Last year, I gave a talk to a group of folks about downsizing when an audience member asked me, “What is your best ‘Antique Road Show’ story?”
In other words, he wanted me to tell him when a client and I discovered the family’s jewels or the lost Monet after decluttering.
I took a deep breath and responded, “‘Antique Road Show’ makes my job hard. Everyone thinks their stuff is worth so much money. What the popular PBS program does not show you is the hundreds of other people they have talked to whose possessions were worth $0.00.”
Everyone wants to believe the things in their homes are worth millions. I am here to tell you they are not. Not even close.
A used couch, no matter how much you spent on it, is worth nothing. Would you want to spend a lot of money on a used couch? No.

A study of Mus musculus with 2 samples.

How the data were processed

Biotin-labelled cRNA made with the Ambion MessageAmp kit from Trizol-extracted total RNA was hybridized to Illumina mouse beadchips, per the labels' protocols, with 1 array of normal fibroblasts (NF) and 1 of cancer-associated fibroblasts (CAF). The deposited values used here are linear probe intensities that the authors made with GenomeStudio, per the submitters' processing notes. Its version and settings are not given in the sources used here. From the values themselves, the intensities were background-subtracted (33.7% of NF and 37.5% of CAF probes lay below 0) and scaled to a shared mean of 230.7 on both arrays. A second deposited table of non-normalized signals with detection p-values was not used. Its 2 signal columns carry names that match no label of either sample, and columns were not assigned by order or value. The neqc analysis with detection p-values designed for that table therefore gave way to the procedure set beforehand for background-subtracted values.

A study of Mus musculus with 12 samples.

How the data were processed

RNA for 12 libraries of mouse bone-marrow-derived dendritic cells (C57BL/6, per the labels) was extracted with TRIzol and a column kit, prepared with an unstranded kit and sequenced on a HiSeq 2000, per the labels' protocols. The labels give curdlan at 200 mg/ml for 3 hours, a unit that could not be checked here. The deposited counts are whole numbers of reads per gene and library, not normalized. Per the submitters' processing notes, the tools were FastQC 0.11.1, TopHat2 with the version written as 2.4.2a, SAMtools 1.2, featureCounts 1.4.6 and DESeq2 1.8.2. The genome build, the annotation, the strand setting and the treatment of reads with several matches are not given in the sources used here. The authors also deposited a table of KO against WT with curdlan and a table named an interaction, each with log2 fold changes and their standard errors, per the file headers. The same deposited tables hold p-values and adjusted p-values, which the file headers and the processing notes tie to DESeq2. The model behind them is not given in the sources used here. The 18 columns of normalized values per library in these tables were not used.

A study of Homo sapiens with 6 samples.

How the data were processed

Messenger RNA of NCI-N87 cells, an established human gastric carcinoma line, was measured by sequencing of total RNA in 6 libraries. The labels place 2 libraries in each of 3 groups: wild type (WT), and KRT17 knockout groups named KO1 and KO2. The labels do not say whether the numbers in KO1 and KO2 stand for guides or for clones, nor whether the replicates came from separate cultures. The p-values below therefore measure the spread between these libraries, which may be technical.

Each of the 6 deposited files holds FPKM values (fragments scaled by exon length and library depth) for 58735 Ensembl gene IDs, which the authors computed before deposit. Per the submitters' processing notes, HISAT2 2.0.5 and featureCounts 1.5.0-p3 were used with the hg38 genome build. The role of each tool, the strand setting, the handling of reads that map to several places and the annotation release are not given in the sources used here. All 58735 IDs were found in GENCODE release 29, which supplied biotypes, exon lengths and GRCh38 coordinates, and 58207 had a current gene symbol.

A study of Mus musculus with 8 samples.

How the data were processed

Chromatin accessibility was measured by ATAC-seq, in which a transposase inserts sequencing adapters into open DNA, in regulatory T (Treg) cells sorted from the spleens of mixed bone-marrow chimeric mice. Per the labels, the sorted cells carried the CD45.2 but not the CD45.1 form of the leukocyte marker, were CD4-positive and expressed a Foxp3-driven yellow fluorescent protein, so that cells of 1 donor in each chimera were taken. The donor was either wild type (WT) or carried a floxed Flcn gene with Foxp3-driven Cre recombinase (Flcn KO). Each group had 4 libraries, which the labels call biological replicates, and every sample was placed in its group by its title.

Even if you have legitimate antiques, they are not selling very well these days because the young people don’t want “brown furniture.”
Your silver and your china are not worth what you think they are worth. And your kids don’t want them.
I recently read “The Millionaire Next Door,” an old book, but so relevant to my business. In it, the authors say America has invested way too much in stuff and too little in retirement funds.
The authors interviewed folks who were able to save up millions for retirement, even though they made modest salaries. The authors’ conclusion was the “millionaires next door” had a few things in common:
They did not buy a lot of stuff.
They did not drive expensive cars.
They did not wear expensive watches.
They lived below their means.
And they took all that money that they were not using to buy stuff, and invested it.
I see this every day in my line of work. People are spending way too much money on stuff, and they are expecting to get that same money when they go to sell it.
Unless you have a Monet, your stuff is worth pennies on the dollar — if that.So I invite you to stop buying stuff and, instead, invest it.
And, two, maybe it’s time to figure out what you are trying to fill up inside of you by buying so much stuff.